Parental Communication and Social Media
Posted by Bradley W. Deacon
Social media and effective management of your teenagers daily engagement is at the forefront of every caring parents mind. With the proliferation of social media mediums such as Facebook, Twitter, Instagram, Pintarest, My Space (yes its making a comeback) just to name a few and instant messaging/communication services such as Skype, Viber, Blackberry Messaging, Whats App and We Chat all providing various means of communication channels for your children it is no wonder parents and school administrators are worried.
However hard you may try to limit access to some or all of these social media and communication channels it is imperative that you keep across what is available to your children and how they interact with each service. One way to start an effective social media and digital communication relationship with your child is to encourage your children to openly communicate with you about each social media and communication medium they wish to install on their smartphones, IPODs, tablets etc and collectively you should review the privacy settings and ensure they are aware that geotagging is switched off in the first instance.
Once you discuss each service and both understand how it works, take a genuine interest in the digital environment that they are using, become active yourself even if only to a small degree as this way it will not appear you are ‘intercepting’ their communication that is in open forums but just being ‘you’ and communicating with your own friends in a forum that your child sees. Of course they like you will have ‘private’ messages and it is here you must establish trust with your child.
Over the next week Cyber Guardians Online will post a blog that will focus on capturing crucial evidence on social media and messaging services and we urge you to watch out for that blog post and share it with your children.
By showing your child how to use effective tools that are at their fingertips on how to preserve any forms of bullying, harassment, intimidation or misconduct for reporting to you and or the relevant authorities is reinforcing to your child that you are working in partnership to ensure their digital experience is a safe one.
It is open communication that is the pinnacle to effective parental/child working relationships with the internet and their have been instances where parents have taken a strong ‘arm’ approach where parents have either disallowed social media or been far too restrictive on its use thus backfiring on the parents. Children are computer savvy at an early age and more than likely know peers that have created ‘phantom’ accounts on Facebook and the like and these ‘friends’ are actively using these accounts. It is here that those children are most at risk in that they know more than likely that their parents do not know about the ‘phantom’ account and engage in online behaviour as if they are ‘bullett-proof placing them in extreme danger.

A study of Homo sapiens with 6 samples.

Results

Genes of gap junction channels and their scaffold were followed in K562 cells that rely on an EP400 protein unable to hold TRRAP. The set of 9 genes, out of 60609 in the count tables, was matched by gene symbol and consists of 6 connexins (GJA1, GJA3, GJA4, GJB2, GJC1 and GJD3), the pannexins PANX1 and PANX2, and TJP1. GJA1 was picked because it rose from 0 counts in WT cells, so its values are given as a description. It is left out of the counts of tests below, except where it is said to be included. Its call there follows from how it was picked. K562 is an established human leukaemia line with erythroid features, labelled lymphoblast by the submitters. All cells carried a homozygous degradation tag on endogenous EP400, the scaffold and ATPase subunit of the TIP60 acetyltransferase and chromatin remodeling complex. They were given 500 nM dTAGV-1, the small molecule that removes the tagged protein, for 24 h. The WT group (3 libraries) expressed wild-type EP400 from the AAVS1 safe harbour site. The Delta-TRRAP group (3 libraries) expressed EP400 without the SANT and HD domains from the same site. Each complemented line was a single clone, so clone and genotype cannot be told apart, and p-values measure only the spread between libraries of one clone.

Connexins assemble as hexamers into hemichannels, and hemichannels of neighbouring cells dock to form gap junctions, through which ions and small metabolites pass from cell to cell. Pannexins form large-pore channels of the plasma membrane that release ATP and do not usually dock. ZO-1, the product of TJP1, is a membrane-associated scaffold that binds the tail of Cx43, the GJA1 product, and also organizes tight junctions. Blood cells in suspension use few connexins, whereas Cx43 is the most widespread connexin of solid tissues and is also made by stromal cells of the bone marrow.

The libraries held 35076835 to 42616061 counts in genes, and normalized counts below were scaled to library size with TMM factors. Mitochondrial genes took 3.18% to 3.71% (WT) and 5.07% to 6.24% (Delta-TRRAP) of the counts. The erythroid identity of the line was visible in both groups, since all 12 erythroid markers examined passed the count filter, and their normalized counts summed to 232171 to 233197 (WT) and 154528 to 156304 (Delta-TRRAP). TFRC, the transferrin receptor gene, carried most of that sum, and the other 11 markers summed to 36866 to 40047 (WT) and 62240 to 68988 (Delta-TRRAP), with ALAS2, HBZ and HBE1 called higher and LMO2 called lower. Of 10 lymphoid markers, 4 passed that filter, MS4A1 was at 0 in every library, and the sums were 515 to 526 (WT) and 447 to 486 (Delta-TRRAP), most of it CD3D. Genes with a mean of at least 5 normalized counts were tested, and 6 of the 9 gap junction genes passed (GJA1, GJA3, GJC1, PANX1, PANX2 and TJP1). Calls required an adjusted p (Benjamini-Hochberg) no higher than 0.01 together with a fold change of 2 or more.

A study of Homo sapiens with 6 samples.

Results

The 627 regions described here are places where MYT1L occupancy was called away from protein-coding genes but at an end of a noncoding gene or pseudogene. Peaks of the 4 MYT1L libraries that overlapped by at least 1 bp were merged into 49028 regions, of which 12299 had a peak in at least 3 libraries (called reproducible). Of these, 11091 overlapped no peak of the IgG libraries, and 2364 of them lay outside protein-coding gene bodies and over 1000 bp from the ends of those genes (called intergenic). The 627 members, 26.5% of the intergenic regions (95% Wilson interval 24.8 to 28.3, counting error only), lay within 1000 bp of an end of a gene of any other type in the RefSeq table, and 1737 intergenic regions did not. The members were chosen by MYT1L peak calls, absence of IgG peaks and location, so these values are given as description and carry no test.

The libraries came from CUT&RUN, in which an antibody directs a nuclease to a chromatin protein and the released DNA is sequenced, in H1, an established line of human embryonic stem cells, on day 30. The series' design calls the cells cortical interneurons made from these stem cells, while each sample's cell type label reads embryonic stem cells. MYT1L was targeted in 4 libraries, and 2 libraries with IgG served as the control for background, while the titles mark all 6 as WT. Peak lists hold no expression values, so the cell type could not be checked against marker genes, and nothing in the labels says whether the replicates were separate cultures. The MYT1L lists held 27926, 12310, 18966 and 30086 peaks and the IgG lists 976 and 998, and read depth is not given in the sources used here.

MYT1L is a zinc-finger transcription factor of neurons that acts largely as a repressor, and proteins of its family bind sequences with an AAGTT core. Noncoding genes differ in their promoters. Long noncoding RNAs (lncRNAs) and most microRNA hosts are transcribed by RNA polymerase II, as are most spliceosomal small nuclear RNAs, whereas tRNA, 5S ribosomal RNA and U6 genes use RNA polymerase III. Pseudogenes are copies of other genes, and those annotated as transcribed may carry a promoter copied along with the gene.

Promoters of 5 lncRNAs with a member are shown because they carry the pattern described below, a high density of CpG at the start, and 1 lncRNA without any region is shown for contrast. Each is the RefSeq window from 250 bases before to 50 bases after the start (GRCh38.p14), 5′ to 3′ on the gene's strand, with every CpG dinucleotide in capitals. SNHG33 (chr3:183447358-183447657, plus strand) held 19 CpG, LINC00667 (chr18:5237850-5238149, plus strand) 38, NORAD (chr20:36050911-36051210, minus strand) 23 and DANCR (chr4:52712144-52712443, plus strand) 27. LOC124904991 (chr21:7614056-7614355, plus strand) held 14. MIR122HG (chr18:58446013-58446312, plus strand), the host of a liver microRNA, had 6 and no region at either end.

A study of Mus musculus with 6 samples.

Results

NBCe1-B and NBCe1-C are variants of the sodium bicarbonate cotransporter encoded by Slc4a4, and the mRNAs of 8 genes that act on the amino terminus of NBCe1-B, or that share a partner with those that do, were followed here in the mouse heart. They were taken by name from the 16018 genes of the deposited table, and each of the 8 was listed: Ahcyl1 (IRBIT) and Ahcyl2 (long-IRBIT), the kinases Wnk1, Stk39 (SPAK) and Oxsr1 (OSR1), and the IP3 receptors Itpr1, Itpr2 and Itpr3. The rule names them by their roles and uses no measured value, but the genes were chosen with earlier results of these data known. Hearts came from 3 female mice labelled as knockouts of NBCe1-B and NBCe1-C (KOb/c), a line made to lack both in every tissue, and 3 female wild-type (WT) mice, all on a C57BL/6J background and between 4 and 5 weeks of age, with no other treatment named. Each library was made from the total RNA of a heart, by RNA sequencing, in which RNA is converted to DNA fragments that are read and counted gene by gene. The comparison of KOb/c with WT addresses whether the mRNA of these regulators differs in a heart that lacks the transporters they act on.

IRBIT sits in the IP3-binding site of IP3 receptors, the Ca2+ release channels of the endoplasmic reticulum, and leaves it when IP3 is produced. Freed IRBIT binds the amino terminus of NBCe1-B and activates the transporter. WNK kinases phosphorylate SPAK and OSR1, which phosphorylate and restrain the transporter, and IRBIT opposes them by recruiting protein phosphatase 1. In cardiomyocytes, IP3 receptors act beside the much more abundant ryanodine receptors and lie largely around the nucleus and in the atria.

Previous cases involving children being groomed to meet online older strangers have in a high number of instances come from children defying their parents and having a ‘phantom’ social media account. Kidnappings, sexual assaults and even murders have occurred where persons have either stalked the phantom account holder or lured them to meetings at remote locations.
Whilst Facebook, Twitter and the like are based in the United States and generally coöperate with law enforcement agencies, up and coming instant messaging services are being established at an alarming rate in countries that have limited internet controls or safeguards nor do their governments encourage information sharing with law enforcement making it harder to identify, track and locate persons who engage in criminal activity.
Over the coming weeks Forensic Psychologist Tim Watson-Munro will post a blog with regards to such behaviour and go into detail with regards to this area of social media activity.
Ultimately a good understanding of all your childs digital content and activity and open communication channels will result in your child more than likely enjoying his or her online activity with their peers but will also make it a safer place for them to take part in.
Posted on December 13, 2012, in Facebook, Instagram, Social Media Management, Uncategorized and tagged Business, Facebook, Instagram, Marketing and Advertising, Parent, Skype, social-media, Twitter. Bookmark the permalink. Leave a Comment.